Life in the fast lane

2010 FLHS grad Gaby Bunten racing to success as a triathlete


Kat Ladwig
Sports Editor

For Forest Lake native and 2010 graduate Gaby Bunten, life in the fast lane is the only way to live.

At just 20 years old, Bunten recently qualified for the World International Triathlon Union Championships to be held in Hyde Park in London in September of 2013.

Gaby Bunten

“This will be the biggest competition I’ve ever done, and hopefully I’ll kick butt,” Bunten said. “You really can’t get a more gorgeous area over in Hyde Park, and it’s cool to get to compete where the Olympians just competed.”

The Iowa State University junior qualified for the London competition after placing in the top 18 in her age group at the USA Triathlon Age Group National Championships in Burlington, Verm. this August.

This is only Bunten’s second year competing in triathlons. The University of North Dakota recruited her for its Division I swimming program after she excelled in the distance events as a Ranger, twice reaching state. But like most long-distance athletes in highly competitive programs, staying healthy turned into a challenge for Bunten.

Gaby Bunten, a 2010 graduate of Forest Lake High School, has a new passion. Though relatively new to triathlons, the 20-year-old has found quick success. (Photo submitted)

After a major setback in ninth grade with a misdiagnosed bout of mononucleosis, Bunten encountered another scare last year while swimming at UND: viral meningitis.

“She’s hit a few speed bumps with her health,” Bunten’s mom, Kim Bunten said. “She has definitely learned through her training that if you overtrain, your body will just shut down physically and mentally.”

Her college coaches at North Dakota, as would most D-I coaches, expected her to be back in the pool after just two days rest. However, having experienced the danger of training through illness before, Bunten knew it wouldn’t be wise to continue with UND’s swimming program.

“It was a great school and I loved it, but after being pressured into swimming through that, things just didn’t work out,” Bunten said.

It took her the rest of the year to recover from the meningitis virus, during which a fellow Fighting Sioux swimmer, 21-year-old Dan Jacobson from Anoka, encouraged her to try triathlons.

“I knew her workouts were all different and she’s a really hard worker. So I said, you love running, biking and swimming. You should try a triathlon,” Jacobson said.

A fierce competitor, Bunten began increasing and varying her training last year after her health and strength returned. Bunten proved her work ethic by having a stellar summer of races, placing first at three different triathlons for the non-pro/elite division, including: the New Bri Tri in New Brighton, the Minneman Triathlon and the Lake Minnetonka Triathlon.

“She just fell in love with the sport,” Jacobson said. “I’m really happy that she did that great in just one year.”

Her enthusiasm for triathlons was enough to make her research a change in schools while still at UND. She found that while triathlons are not yet an NCAA sport, and therefore can’t lead to athletic scholarships, she could receive an academic scholarship and still be a part of ISU’s triathlon team. Bunten decided to make the move.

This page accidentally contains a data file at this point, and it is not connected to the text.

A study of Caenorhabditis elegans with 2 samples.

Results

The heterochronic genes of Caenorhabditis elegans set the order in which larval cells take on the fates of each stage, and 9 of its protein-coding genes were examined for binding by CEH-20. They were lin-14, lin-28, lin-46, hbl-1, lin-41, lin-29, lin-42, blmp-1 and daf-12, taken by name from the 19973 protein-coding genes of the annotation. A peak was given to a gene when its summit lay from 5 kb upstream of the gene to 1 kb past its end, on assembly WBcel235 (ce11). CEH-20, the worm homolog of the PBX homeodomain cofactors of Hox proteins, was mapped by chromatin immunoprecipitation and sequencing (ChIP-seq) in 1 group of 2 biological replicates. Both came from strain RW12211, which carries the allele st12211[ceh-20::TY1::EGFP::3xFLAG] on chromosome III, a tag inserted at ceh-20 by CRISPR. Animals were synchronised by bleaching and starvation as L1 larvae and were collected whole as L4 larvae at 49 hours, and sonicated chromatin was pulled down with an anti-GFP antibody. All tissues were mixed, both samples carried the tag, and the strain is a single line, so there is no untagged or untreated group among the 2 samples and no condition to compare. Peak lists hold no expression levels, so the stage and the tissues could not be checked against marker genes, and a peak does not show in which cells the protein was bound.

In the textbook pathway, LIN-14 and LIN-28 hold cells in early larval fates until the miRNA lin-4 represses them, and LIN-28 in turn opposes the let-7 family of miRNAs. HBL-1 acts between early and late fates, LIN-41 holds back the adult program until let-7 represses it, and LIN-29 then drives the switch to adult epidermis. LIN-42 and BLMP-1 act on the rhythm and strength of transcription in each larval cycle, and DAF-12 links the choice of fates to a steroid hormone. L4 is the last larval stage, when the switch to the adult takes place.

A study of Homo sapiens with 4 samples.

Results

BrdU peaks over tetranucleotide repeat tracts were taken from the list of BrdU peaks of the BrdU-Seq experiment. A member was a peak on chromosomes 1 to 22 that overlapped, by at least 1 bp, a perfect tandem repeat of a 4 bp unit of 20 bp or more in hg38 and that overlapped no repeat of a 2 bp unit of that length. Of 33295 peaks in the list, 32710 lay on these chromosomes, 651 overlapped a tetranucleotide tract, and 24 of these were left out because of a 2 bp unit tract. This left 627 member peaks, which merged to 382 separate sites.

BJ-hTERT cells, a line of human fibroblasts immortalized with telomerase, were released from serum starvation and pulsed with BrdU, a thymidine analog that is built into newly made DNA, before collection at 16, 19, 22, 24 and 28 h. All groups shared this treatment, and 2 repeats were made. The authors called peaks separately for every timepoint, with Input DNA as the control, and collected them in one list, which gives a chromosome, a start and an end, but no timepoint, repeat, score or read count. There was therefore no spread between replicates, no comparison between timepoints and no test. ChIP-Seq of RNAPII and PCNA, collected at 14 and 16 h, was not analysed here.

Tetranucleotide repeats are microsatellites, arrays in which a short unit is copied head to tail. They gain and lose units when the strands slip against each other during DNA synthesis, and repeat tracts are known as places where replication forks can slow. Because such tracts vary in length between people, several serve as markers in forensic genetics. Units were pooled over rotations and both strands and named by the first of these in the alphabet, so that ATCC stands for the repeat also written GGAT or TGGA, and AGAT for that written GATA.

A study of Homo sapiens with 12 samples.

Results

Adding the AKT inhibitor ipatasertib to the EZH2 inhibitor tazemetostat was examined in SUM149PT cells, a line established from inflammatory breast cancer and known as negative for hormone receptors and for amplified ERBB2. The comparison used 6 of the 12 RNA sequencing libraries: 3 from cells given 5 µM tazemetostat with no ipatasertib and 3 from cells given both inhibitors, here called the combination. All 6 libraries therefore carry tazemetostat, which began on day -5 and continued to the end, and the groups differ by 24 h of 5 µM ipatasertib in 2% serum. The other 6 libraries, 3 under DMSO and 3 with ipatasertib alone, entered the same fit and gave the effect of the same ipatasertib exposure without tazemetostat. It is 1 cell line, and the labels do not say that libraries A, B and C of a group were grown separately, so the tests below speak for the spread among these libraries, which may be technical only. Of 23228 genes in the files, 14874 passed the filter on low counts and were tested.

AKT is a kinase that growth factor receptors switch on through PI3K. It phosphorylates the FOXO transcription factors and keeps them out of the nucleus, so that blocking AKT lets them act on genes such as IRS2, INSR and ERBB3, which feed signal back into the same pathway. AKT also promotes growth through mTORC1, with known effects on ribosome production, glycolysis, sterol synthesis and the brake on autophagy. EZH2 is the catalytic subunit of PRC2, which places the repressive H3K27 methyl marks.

“It’s just where my passion lies, so I decided to focus on it,” Bunten said. “I don’t regret my decision at all.”

The Cyclone co-ed triathlon squad runs six days a week, with group bike rides and swims throughout the week as well, allowing for either group or individual training. Another benefit of the transfer was the strong kinesiology program at the school in Ames.

“We always told Gaby to pursue her main interest in school,” Kim Bunten said of herself and her husband, Bob. “So it’s neat that she’s able to incorporate her real love with her job.”

The Buntens understand their only child’s love of distance and endurance sports. While Kim experienced bumps and bruises after years of showing horses, skiing and cycling, Bob is also active in running and cycling.

“I think I really just got it from my parents, we’re all suckers for punishment, I guess,” Bunten said. “You just learn to love challenging yourself.”

With the London race next September, Bunten’s next challenge will be training properly. Her triathlon coach, 32-year-old Aaron Briggs of White Bear Lake, is optimistic about Bunten’s future in the sport. Not only did she end this season on a high by winning the Aug. 25 Maple Grove Triathlon in the collegiate women’s’ olympic division, she already qualified for the USAT Collegiate Nationals this coming spring. The qualification may calm some nerves and allow her to focus more on the London course.

For the international competition, Briggs said Bunten’s collegiate background in swimming is a huge advantage. Add that to her natural gift in running efficiently, along with the strides Bunten has made in biking this summer, and she will be a force in London.

“I’ve worked with a lot of athletes that become triathletes, and only a handful of them have had her kind of raw talent,” Briggs said.

Bunten also plans on honing her various skills to be a presence at the London race next year, and has no doubts she has the training resources and support she needs to compete at the highest level.

“There’s always just that drive to perform at your best,” Bunten said. “And there’s no better feeling than knowing there’s nothing more you could have done.”